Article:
April 27, 2013
Game of Thrones: "What is Dead May Never Die"
I am a big fan of opening titles: they're a crucial part of any television series in my opinion, because they give the viewer a little pause (30 seconds, or 60) to forget their day-to-day thoughts and concerns and settle into the fictional world of the TV drama. The opening titles also set expectations for the episode to come. A properly designed set of credits will let the viewer know the genre, the pace, the aesthetic and the emotional tone of what's to follow.
The credits to Game of Thrones achieve all of that, but they also do one other crucial thing: they establish geography. While the clockwork visuals nicely echo the 'game' motif of the series, they also show the viewer where each storyline of the episode is set, and where those storylines are geographically located in relation to one another. In a series where some storylines are set on different continents, and in which they regularly fail to link up in any narrative way, this kind of information is crucial.
So, in week three of the second season, what are the various storylines up to?
I absolutely love the manner in which Tyrion roots out Cercei's spy among the city council, as well as the clever narrative fashion in which the scenes play out. A dinner scene with Cercei, her children, and poor Sansa Stark, manages to drive home just how much I despise both Cercei and Joffrey. Every series has a character you 'love to hate', but Game of Thrones seems to have a solid half-dozen. Personally I adore it, but I suspect some viewers might struggle to find enough characters they like to keep watching week on week.
Beyond the Wall
Shock horror (actually not shocking at all) Lord Commander Mormont already knew that Craster gave away his incestuous boy babies to supernatural creatures. This whole subplot surrounding Craster, his wives and his daughters, and his daughters who are also his wives, is just deeply icky and unpleasant. It's effective as horror, but still very nasty to think about or watch. This isn't a character I 'love to hate'. This is a character I'm actively waiting to see die.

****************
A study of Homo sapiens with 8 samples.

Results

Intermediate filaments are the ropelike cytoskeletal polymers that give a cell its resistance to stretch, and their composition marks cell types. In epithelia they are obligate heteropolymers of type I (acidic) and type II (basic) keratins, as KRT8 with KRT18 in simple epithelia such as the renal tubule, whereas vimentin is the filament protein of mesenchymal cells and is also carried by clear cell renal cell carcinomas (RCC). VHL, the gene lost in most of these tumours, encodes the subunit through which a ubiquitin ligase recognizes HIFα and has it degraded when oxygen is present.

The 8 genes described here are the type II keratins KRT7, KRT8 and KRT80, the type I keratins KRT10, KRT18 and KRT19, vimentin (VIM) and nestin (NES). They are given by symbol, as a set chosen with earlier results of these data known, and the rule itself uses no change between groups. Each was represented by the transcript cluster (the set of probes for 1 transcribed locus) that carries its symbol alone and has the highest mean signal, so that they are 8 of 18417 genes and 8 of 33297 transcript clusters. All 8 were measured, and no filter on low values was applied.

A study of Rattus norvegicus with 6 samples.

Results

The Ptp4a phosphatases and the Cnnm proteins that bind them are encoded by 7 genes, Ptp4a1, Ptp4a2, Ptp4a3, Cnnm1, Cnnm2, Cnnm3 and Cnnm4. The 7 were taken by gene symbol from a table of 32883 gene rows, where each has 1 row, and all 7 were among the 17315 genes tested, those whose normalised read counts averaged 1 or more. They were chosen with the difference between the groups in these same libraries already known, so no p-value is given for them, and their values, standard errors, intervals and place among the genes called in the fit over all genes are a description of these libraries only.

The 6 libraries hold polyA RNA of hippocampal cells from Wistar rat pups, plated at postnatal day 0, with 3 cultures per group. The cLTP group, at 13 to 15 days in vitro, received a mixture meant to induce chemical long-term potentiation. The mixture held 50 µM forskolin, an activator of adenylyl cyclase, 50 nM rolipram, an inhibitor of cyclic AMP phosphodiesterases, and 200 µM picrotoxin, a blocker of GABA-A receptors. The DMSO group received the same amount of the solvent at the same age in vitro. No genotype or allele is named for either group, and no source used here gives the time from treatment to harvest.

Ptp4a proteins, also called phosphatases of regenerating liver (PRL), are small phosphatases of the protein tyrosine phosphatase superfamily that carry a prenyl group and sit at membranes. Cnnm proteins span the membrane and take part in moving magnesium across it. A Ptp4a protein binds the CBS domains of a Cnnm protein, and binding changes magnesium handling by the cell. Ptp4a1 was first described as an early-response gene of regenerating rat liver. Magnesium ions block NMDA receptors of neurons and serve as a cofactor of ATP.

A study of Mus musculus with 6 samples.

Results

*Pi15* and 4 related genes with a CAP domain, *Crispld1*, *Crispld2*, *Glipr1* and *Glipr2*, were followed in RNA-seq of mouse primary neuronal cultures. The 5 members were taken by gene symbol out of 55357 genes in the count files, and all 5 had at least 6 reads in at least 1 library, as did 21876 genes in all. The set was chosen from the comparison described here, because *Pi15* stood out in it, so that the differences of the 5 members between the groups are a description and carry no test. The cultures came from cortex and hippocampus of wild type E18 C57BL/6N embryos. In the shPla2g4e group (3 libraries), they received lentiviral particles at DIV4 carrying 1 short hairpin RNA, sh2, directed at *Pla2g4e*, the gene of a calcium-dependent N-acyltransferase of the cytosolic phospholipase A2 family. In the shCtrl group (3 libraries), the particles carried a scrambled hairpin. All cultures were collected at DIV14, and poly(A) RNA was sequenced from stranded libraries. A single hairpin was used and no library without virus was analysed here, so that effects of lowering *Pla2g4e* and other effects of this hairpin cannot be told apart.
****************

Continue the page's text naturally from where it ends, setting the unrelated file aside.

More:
There's a lovely scene in this episode where Bran explains his dreams to Maester Luwin, and asks about magic, and Luwin tells him that magic is no longer real and the dragons have long since died. Of course as viewers we know that neither sentiment is true, but it's a nicely played scene showing a warmth that a lot of the series lacks. Isaac Hempstead-Wright does a great job as Bran.
Renly Baratheon, younger brother of Stannis, has assembled his 100,000 strong army to challenge the Lannisters for the throne. Crikey, another episode and another wannabe king. In this case we have Renly being secretly gay with his wife's brother, and his wife knowing this and being ambitious enough to not mind - so long as he somehow gets her pregnant. It all feels very Edward II.
These scenes introduce the enormous and awesome Brienne of Tarth (played wonderfully by Gwendoline Christie). I was trying to work out whether she actually was as tall as the series made her out to be, or whether there was some camera trickery at work. In truth it's likely a mixture of the two: the actress is six feet three inches, and looms over the rest of the cast to an impressive degree.
The Iron Islands
I don't have a great deal to say about the Greyjoy scenes. Young Theon is still conflicted and petulant, his sister Yara is still creepy as hell (what is with that stare?) and their father Balon is mean and unpleasant. Theon does pick a side, however, choosing his father over the Starks. No spoilers in the comments, please - I strongly suspect he's made the wrong choice.
Poor Yoren (Francis Magee). He's taken Arya Stark this far, but sadly his time in the series has ended. Now Arya, Gendry and the others are on their way to the Lannisters in Harrenhal. She does manage to rescue a prisoner named Jaqen, a mysterious French-accented knight who talks in a weird sort of third person manner. I like him, and hope we see him again soon.
While I'm loving the individual plot threads, one of the big weaknesses of Game of Thrones is that the storylines really don't cross over with one another very much. It's easy to argue this away as 'oh it's a novel for television', but that's kind of my point: it's for television. I'm not sure how they could adapt this more successfully, but some times it feels like the individual episodes lack focus because they've got so many different stories to push along.
Still, it's a massively entertaining episode, particularly Tyrion's spy games in King's Landings. That's three for three so far: 100%.